Sam Distefano, Talent Exec for Hugh Hefner and Meshulam Riklis, Dies at 88
A jazz pianist from Chicago, he booked acts for the Playboy chain of nightclubs and the Riviera Hotel & Casino in Las Vegas.
Sam Distefano, a jazz pianist turned executive who booked talent for Playboy’s legendary chain of nightclubs and the landmark Riviera Hotel & Casino in Las Vegas, has died. He was 88.
Distefano died Monday of natural causes at Sunrise Hospital and Medical Center in Las Vegas, publicist Harlan Boll said.
Born on the South Side of Chicago, Distefano was playing jazz piano with his trio at many of the city’s most notable clubs when he attracted the attention of Playboy executives Hugh Hefner and Victor Lownes. He then performed at the opening of the inaugural Playboy Club, located on East Walton Street in the Windy City, in February 1960.
The gig began Distefano’s 25-year career with Playboy Enterprises, which included serving as musical director at its Miami club starting in 1962; as orchestra leader, conductor and entertainment director at the Playboy country club in Lake Geneva, Wis. (where he led his own 32-piece orchestra and conducted for such artists as Peggy Lee, Mel Torme, Anthony Newley, Tony Bennett and Ann-Margret); and eventually as vp entertainment for the company’s worldwide chain of clubs and hotels.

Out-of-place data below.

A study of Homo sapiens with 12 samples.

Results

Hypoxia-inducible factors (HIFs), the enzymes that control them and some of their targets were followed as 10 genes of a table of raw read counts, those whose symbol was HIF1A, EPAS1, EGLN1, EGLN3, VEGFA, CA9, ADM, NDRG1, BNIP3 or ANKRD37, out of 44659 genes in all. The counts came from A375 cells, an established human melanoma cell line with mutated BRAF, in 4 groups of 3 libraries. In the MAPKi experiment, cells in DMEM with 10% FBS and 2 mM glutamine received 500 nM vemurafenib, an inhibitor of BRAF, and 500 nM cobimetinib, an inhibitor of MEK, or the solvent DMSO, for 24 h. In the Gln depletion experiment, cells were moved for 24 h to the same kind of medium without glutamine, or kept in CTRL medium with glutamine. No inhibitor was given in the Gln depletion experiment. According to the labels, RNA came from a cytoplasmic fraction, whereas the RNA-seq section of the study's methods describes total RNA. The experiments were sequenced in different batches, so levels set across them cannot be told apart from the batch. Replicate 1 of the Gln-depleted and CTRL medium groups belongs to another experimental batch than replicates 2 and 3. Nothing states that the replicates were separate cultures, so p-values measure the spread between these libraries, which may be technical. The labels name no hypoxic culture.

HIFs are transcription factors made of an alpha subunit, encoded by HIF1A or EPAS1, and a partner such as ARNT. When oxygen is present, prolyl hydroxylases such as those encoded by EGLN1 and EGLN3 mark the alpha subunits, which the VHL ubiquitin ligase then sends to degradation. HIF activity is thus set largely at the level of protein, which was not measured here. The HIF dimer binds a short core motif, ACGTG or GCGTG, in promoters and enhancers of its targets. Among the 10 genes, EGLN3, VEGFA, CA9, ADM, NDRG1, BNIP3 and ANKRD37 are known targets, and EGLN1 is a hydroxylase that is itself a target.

In 1984, Riviera owner Meshulam Riklis hired Distefano to run the entertainment operations at his Vegas hotspot. During his decade on the job, Distefano shepherded such events as a New Year’s Eve concert with Frank Sinatra and Pia Zadora (Riklis’ wife); a “Legends of Comedy” showcase that featured Sid Caesar, Milton Berle and Danny Thomas; and a show that had George Burns and Bob Hope performing live together for the first time.
Distefano also oversaw Riviera’s multimillion-dollar aquacade Splash, which ran for more than 20 years in the Versailles Theater.
Distefano retired from the Riviera in 1993 and formed his own entertainment management and consulting firm with his son, Michael, who survives him.
Distefano served as a judge on the syndicated talent show Star Search, hosted by Ed McMahon, and was inducted into the Casino Legends Hall of Fame in 1997.
In addition to his son, survivors include his goddaughter Claudina, ex-wife Pam, nephew Gary and niece Linda.